Brian Blum is a freelance writer, journalist and editor. He works for an eclectic mix of newspapers, online magazines, universities, non-profit...
Sat,Apr 19,2014 19 Nisan 5774
We love our 1995 Toyota Corolla. It’s in fantastic shape and is our only car for driving out of Jerusalem. (Our other car is a Better Place electric vehicle which is now essentially a very expensive “city car” – but that’s another story.) So, when a car repairperson rolled down the window in his vehicle and called over to my son while he was stopped at a red light near work and informed him that white smoke was coming out of the tailpipe, we were all understandably concerned.
The repairman in the next car handed over his card between the windows – he specialized “in just this sort of thing,” he said – and he’d of course be glad to take a look.
Not so fast. We’d just replaced the catalytic converter in the car a few weeks before that – it had failed its air pollution test; these things happen from time to time – so we decided that the best bet would be to take our car back to the shop where we’d had the work done as it was still under warranty. That meant a visit with Eddie.
Eddie is not your typical car mechanic. Stylishly dressed with a button down shirt, longish hair and speaking close-to-perfect English, he comes across as something between a presentable version of Johnny Depp (one not in pirate costume) and a 50’s rock and roller. Which is fitting given that, in his free time, Eddie plays in a local Jerusalem band.
1961 Plymouth Valiant (Wrascal, Wikimedia Commons)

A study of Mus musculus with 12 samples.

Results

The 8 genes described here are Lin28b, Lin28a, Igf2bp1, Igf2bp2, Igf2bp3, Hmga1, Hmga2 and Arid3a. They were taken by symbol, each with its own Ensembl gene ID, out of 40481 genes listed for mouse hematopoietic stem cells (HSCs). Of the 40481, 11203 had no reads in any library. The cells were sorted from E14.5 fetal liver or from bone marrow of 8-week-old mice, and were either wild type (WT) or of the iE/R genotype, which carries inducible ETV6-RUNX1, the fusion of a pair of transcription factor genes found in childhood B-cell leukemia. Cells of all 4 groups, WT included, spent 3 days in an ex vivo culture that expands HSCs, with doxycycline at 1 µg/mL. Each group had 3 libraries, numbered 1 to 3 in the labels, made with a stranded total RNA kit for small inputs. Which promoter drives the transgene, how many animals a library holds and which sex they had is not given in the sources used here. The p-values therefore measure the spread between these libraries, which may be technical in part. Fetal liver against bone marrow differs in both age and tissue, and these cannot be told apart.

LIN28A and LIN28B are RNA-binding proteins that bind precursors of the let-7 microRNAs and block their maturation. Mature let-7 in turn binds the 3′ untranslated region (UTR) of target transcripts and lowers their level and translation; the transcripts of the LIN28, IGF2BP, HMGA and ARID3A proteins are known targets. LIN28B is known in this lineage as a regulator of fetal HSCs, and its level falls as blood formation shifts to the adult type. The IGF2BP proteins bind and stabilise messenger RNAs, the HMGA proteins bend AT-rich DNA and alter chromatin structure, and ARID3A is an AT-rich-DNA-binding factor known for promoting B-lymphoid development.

He also has a fully restored beautifully bright red 1961 Plymouth Valiant in the back of his shop in Jerusalem’s Talpiot Industrial Zone. “It was the first automatic car to be imported into the country,” he told us with irrepressible pride. Does he drive it? He happily nods: to meet-ups of other vintage car owners. (These get togethers are held fairly regularly on Fridays in the parking lot of the Israel Museum. Who knew?)
Art's Automotive in Berkeley
Eddie reminds me of Art, the owner of the car repair shop we used in Berkeley before we made aliyah. Art also outclassed the other mechanics in the neighborhood. His waiting room was decked out in pastels with filtered water and soft music. (He did a good job of fixing the car, too.)
Eddie doesn’t have a fancy waiting room yet (he has a few bean bag chairs off the main garage – more hipster than high class) but, despite his youth (he’s in his 30s), he projects a clear confidence. So when he floored the accelerator trying to generate the tell tale white smoke and it wasn’t forthcoming, we believed him when he said the car was fine.
He then offered an explanation for our run-in with the repair guy at that red light. Eddie’s shop is right next to the air pollution test facility, which car owners must pass through each year to renew their registrations. “Look how empty it is,” he said, waving towards the adjacent building. “No one buys cars at this time of year.”
Since you have to take your car in for its check on the annual anniversary of when you purchased it, a lack of customers right about now would seem to back up that claim. “They’re all waiting until after Pesach when the 2015 models are delivered.”
With so few people getting their cars tested in the lead up to the holiday, he went on, repairs are also down and businesses need to try “creative” ways to generate new customers. The unstated correlation: an unscrupulous repairperson might flag you down for an “invented” problem with an unnecessary (and expensive) solution.
Could the reason really be so cynical? Yes, probably. (Fortunately, that’s not an indictment of Israeli mechanics; deceit knows no borders.) We’re glad we found Eddie. And he didn’t charge us a shekel for some sound insight.